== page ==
BPL: Consumer Boon or Threat to Security and Privacy?
A reasonably good and detailed explanation of how BPL works is provided here. The intent of BPL's promoters is to compete with companies providing DSL and cable internet access. Their theory is that competition should drive down the cost of consumer's internet access.
To date the most notable objections to BPL have been raised by the amateur radio community, ham radio operators. The American Radio Relay League, an amateur radio membership organization, has summarized the amateur radio community's objections here.
But lurking beneath the noise level of unwanted radio interference is the more insidious threat to security and privacy that BPL facilitates. BPL, when approved for consumer use, will make it easier for homes, businesses, and government agencies to be targeted for both lawful and unlawful electronic surveillance.
In October 1994, Congress took action to protect public safety and ensure national security by enacting the Communications Assistance for Law Enforcement Act of 1994 (CALEA), Pub. L. No. 103-414, 108 Stat. 4279. The law further defines the existing statutory obligation of telecommunications carriers to assist law enforcement in executing electronic surveillance pursuant to court order or other lawful authorization.
The objective of CALEA implementation is to preserve law enforcement's ability to conduct lawfully-authorized electronic surveillance while preserving public safety, the public's right to privacy, and the telecommunications industry's competitiveness.
In March 2004 the US Department of Justice, the Federal Bureau of Investigation, and the Drug Enforcement Administration filed a request to the Federal Communications Commission to declare that broadband Internet services and VoIP (voice over Internet protocol) services are covered by CALEA (the Communications Assistance to Law Enforcement Act). That request included BPL. The FCC issued "First Report and Order and Further Notice of Proposed Rulemaking, FCC 05-153." This Order is the first critical step to apply CALEA obligations to new technologies and services that are increasingly relied upon by the American public to meet their communications needs.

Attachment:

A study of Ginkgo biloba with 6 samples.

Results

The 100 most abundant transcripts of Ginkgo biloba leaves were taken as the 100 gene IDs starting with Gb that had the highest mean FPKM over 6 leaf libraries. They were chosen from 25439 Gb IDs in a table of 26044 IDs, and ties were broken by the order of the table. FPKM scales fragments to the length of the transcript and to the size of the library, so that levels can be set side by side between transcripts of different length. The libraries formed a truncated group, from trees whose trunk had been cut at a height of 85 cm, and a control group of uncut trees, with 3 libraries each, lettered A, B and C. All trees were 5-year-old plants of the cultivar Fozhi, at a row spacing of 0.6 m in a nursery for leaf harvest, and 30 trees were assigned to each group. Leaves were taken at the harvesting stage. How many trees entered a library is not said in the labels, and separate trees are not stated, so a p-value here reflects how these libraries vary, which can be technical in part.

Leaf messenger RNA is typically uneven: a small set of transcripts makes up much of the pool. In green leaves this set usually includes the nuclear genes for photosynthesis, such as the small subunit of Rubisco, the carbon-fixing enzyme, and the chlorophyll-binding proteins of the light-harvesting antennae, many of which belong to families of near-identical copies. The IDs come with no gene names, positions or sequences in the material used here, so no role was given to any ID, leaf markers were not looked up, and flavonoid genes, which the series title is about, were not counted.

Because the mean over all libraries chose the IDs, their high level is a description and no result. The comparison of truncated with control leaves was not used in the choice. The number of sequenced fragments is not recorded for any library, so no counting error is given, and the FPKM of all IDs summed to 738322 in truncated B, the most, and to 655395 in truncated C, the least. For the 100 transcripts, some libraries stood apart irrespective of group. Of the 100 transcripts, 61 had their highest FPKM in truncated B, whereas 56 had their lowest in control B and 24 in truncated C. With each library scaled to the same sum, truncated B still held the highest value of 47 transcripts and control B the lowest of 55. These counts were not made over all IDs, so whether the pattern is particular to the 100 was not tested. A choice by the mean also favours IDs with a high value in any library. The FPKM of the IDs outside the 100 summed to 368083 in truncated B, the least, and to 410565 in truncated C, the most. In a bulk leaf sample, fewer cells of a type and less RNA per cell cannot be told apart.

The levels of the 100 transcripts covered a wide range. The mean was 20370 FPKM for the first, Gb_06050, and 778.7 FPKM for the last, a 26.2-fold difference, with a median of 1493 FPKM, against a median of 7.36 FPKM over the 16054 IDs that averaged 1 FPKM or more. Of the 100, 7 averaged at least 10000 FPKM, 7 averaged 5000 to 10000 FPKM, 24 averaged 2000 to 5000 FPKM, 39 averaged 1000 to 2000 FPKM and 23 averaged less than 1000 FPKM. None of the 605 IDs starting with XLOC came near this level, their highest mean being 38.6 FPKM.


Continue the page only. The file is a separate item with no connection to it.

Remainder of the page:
While most of us understand the government may be able to monitor our Internet communications with a properly issued court order, we need to also understand that the BPL technology will facilitate unlawful interceptions as well. Here's how:
Keep in mind that BPL turns every outlet in your house or business into an Internet access point. Plug a BPL modem into that outlet, connect a device with a unique IP address to the modem, and voila! Access to the Internet. No problem, right? Right. As long as you know that connection has been made and you have complete control over the device.
But suppose "someone" wants to bug one or every room in your house or business with audio, video, or both. What if the BPL modem, a microphone with associated processing circuitry, and a small video camera with associated processing circuitry could be built into a functional duplex outlet housing. Then, during a covert entry, the technician replaces existing duplex outlets with modified outlets that appear (from the front) to be identical. The beauty of this is that each specially constructed audio/video capable outlet has its own unique IP address, so outlets can be accessed independently or collectively. So, if you have a two room office with four duplex outlets in each wall, technicians can install eight audio/video devices, each with its own unique IP address. From where would they monitor your office's audio and video? Anywhere in the world with Internet access.
In the preceding example BPL facilitates command and control over the devices, and it enables the monitoring station to be in a nearby van, in the house next door, or in a government facility half way around the world.
BPL is potentially useful, but its potential impact on individual privacy as well as on business and government security must also be seriously considered.